Land vomit

I know. The title of this post conjures a rather ugly image, but I think if you study Leviticus 18:21-28, you will understand its meaning. Actually, I've read this passage many times over the years, but never quite noticed the wording Moses (quoting the Lord) uses here regarding the land. Though God Himself is the one in charge, whose laws have been violated, the metaphor of land vomiting out its inhabitants makes quite the word picture, does it not? In my mind's eye, I see volcanoes erupting with hot lava, or sink holes devouring whole buildings. I imagine earthquakes that topple reinforced structures, creating tsunamis that can totally devastate anything along the shore. I see fissures and land shifts and cracks that won't hold water. Or mud slides that destroy everything in their path. (And these things have happened throughout history, not just in our current day. The city of Pompeii, buried under volcanic ash comes to mind.)

In Genesis, God told Cain (after he killed his brother Abel) that the voice of Abel's blood cried out to Him from the ground. (Again, a possible metaphor, and yet a pretty powerful one. Did the land groan because of Abel's blood?)

Again in Romans 8, Paul says, "that the creation itself will be set free from its bondage to corruption...For we know that the whole creation has been groaning together in the pains of childbirth until now."

And I wonder if the earth itself was created in such a way that it can only take so much before even it grows weary of its bondage. Does the land recall its perfection in Eden, when creation was pure and new?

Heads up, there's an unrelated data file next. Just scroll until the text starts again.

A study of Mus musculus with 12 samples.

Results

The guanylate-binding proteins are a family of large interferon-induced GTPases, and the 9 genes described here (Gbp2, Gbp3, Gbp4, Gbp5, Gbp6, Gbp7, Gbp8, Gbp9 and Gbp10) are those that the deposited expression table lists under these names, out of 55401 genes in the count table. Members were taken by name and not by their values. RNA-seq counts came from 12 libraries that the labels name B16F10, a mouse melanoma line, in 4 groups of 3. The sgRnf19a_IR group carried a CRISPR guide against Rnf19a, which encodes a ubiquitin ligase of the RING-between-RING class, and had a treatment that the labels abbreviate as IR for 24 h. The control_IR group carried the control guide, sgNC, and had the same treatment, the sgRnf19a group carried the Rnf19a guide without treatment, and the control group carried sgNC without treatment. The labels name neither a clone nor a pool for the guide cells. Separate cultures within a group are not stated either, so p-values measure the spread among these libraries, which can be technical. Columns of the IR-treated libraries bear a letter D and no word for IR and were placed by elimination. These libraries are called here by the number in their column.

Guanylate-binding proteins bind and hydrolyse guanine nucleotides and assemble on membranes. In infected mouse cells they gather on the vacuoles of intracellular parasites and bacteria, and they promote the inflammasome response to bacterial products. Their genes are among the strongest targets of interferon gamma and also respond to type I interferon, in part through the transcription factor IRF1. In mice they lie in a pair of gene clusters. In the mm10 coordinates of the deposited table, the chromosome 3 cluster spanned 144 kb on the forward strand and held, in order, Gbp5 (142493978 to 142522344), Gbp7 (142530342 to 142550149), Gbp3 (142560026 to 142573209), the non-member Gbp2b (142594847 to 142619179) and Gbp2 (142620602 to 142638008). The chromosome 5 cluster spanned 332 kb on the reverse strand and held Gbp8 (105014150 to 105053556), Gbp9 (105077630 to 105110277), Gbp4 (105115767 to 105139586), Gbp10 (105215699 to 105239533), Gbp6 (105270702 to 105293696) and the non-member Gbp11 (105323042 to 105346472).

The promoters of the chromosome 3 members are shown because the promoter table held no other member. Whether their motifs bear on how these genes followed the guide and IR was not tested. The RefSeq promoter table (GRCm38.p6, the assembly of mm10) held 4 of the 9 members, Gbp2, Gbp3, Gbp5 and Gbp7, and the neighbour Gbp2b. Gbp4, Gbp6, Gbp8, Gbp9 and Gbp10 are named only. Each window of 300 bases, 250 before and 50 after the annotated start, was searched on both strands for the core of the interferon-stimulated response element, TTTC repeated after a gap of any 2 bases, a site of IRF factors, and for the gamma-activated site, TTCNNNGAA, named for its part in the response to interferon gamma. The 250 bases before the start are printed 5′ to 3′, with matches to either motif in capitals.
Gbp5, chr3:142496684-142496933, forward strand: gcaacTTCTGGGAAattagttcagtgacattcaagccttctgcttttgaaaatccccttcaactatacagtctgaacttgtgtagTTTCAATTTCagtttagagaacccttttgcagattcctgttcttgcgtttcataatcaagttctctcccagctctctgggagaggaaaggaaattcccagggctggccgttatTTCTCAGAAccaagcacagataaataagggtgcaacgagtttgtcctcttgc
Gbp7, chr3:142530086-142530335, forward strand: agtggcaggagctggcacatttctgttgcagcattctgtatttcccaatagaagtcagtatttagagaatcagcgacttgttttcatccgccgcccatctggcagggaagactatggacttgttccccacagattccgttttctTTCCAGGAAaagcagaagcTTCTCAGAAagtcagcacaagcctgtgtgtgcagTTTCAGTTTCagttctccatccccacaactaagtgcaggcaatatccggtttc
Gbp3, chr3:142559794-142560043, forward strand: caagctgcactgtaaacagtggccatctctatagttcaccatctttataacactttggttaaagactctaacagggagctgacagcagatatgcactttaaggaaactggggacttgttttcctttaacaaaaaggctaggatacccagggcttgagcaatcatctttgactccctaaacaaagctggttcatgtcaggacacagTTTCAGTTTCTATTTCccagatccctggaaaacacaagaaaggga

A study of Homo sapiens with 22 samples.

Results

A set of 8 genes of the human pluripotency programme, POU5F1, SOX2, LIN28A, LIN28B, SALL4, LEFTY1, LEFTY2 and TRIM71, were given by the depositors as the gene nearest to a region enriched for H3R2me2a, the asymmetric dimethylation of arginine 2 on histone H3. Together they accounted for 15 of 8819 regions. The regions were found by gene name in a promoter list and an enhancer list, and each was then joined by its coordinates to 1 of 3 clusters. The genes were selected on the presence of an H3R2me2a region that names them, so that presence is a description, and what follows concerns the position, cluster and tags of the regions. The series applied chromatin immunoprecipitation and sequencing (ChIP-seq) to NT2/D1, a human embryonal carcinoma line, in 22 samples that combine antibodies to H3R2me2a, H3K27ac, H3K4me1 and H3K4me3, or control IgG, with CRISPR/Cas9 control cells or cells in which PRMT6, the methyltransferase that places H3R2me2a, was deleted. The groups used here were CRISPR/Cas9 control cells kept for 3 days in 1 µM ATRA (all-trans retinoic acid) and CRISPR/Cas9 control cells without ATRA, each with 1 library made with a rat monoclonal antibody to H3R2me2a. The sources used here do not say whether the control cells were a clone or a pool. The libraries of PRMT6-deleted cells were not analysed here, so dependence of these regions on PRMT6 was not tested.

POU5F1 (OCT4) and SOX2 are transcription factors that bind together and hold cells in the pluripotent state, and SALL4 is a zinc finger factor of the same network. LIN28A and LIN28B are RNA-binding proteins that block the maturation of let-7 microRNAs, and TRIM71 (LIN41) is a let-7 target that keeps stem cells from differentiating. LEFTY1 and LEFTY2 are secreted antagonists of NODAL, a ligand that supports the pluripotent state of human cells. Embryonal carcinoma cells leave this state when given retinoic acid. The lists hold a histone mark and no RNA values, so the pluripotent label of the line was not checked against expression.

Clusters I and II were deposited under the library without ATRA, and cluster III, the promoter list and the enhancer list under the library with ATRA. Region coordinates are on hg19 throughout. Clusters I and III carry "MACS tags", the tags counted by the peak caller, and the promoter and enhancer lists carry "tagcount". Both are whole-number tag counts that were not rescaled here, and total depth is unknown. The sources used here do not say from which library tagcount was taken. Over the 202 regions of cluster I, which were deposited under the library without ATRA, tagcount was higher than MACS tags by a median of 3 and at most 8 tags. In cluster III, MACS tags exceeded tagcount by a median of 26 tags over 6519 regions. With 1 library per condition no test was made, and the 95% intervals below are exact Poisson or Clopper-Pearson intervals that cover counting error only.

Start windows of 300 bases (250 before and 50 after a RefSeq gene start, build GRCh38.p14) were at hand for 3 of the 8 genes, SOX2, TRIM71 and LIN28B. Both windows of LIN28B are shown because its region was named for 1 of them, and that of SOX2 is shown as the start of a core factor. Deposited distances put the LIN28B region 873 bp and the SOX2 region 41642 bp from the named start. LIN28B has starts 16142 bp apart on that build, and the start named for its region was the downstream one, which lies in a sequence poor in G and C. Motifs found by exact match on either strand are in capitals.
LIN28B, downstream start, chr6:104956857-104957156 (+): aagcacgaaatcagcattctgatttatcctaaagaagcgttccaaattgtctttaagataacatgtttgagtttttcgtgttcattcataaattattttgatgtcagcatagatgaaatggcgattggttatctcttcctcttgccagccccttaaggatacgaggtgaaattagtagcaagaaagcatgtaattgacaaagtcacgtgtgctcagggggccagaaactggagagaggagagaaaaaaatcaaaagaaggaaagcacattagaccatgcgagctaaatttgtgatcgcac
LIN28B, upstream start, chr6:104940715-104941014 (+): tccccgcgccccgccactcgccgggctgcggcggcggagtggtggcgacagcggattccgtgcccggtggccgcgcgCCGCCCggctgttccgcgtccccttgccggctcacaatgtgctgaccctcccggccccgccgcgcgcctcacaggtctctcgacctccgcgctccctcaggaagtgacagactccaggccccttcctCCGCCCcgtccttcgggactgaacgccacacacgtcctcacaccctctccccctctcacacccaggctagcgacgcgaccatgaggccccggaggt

What does it look like when the earth groans? Human vomit is pretty gross. What does it look like for the land to vomit out its inhabitants because they have gone too far?

God most likely used this phrase as a metaphor of judgment on the peoples that once inhabited the Promised Land. He also warned Israel that the same could happen to them if they didn't keep His laws and righteous decrees. They were not exempt because of their heritage. None of us are.

Sometimes it is hard to understand God's judgment and justice portrayed in the Old Testament and promised in the future of Revelation. We want to hear about God's love and mercy and kindness, which makes Him much more likable to our way of thinking. It makes excusing our own sinfulness, mistakes, poor choices, falling short, however we word it, easier. No one likes the idea of judgment for sin. Especially our own.

But even the land we stand upon would disagree. How much blood can it absorb before it says enough? I never thought of sexual sin or covetousness or murder as something that could make the earth sick. But can it?

Do sin's consequences extend even to the very dirt upon which we stand?